Here is the second part of a series of marketing video tips, which deals with script and presentation. Whether this is a simple presentation to camera, or a full blown corporate video – don’t rely on what was on a brochure or flyer. It may be too wordy and may well be boring when spoken on camera or as a voiceover. Make it more conversational without being too informal, in order to engage with your viewer. Expand the ideas from the bullet points (mentioned in business video tips part 1) until you have something resembling a script and then refine it. Less is often more.
On very rare occasions, I have made promos with no voiceover at all but only where the pictures are so powerful that they tell the story, reinforced by short informative captions. However that is not the norm. When you write the script, don’t forget to include a “call to action” at the end. As a minimum, it is going to be contact details but maybe a special offer – free consultation etc.
Without getting into what my media trainer colleagues and I teach, eye contact is crucial, whether to a camera or an interviewer. If you are doing a presentation to camera – pros call these, Pieces To Camera, (PTCs) then learn the script and practice the intonation but you need to know which words to emphasise in order to get the message across in an informative way.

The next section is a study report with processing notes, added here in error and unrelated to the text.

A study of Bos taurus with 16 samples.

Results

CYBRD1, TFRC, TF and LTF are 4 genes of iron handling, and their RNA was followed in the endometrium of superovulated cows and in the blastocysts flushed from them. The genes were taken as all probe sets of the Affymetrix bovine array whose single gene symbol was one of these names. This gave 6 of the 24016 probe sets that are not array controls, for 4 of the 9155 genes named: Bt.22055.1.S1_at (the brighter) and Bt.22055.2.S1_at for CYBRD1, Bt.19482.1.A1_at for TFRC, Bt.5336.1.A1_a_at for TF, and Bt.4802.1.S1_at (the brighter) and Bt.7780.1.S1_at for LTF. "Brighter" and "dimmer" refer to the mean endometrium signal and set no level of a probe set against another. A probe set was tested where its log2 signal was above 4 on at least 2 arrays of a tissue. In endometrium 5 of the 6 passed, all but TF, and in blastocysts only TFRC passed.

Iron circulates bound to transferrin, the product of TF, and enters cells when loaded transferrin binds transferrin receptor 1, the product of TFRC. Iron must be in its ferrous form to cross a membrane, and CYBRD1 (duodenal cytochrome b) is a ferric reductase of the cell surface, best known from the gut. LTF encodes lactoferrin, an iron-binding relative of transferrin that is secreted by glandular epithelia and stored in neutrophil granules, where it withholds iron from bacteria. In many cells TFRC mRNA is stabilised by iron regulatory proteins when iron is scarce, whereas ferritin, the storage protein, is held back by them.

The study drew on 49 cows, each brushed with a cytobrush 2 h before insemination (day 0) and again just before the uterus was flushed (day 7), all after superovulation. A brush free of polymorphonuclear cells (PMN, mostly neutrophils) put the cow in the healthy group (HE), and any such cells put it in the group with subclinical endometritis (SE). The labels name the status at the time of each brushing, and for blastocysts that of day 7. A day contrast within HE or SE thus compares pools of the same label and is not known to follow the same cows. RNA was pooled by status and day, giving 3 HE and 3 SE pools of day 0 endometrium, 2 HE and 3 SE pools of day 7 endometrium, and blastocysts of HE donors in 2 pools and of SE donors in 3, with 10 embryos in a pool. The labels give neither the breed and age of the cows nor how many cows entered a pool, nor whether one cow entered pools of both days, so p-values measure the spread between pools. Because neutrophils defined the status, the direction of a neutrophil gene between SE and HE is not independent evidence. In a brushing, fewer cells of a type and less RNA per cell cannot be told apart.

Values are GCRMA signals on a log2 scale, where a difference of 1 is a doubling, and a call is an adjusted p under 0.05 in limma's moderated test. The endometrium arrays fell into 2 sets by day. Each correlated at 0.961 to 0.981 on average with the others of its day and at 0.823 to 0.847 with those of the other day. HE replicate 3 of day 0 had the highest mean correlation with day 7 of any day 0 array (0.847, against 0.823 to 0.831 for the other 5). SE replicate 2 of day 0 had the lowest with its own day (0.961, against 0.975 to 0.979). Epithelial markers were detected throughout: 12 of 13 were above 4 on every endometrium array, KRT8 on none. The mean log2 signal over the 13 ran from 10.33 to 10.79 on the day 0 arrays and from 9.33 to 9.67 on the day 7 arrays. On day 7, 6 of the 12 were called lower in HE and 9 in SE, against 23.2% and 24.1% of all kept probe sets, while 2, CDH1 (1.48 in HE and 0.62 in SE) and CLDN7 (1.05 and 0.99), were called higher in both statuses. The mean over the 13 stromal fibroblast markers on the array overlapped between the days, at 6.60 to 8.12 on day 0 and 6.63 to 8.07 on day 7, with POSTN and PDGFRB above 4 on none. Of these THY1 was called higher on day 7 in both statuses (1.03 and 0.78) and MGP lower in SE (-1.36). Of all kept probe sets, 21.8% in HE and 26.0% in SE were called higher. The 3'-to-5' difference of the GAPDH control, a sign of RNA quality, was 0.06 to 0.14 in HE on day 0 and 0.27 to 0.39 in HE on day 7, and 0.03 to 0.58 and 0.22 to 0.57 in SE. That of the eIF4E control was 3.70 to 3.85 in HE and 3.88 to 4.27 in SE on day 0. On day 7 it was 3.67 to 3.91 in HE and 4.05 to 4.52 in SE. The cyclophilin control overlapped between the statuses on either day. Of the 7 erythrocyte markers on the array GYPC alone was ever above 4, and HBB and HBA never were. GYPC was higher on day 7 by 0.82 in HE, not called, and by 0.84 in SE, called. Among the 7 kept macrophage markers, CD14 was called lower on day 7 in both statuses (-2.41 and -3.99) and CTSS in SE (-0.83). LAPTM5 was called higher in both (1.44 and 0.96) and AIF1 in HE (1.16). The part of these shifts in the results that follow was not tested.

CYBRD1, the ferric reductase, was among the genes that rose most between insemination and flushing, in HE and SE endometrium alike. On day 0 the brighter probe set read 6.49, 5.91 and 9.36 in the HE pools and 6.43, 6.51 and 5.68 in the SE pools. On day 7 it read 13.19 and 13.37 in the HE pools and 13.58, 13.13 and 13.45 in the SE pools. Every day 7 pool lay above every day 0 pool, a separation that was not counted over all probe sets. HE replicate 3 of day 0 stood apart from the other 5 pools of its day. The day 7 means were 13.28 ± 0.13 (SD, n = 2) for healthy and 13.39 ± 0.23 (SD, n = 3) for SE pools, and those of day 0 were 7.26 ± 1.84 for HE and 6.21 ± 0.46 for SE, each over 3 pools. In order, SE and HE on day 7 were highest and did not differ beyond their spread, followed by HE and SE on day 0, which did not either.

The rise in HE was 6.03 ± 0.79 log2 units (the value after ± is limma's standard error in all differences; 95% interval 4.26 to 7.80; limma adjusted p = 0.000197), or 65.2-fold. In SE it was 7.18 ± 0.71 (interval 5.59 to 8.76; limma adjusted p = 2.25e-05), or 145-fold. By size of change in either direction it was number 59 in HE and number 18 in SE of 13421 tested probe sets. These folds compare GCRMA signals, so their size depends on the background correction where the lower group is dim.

If it is a PTC it is TO CAMERA – straight to the centre of the lens, so no idiot cards or anything that moves your eye contact away from the camera lens. Ideally you will work with a pro who will have a teleprompter system. These are often called an “Autocue” in the same way that vacuum cleaners are called “Hoover”. Whilst there is software, often free, to scroll text on a laptop, phone or tablet, you have to place your device above or below the camera lens, which results in the eye line looking wrong. With the teleprompter the text will scroll in front of the camera lens on special glass but does not appear in the picture. If you have learnt the script, then you can concentrate on it sounding right, as opposed to struggling to get it right.
Finally, when you reach the end of the script, maintain eye contact for 5 seconds, to enable a clean “out” on the edit. So “it’s a wrap” …if only.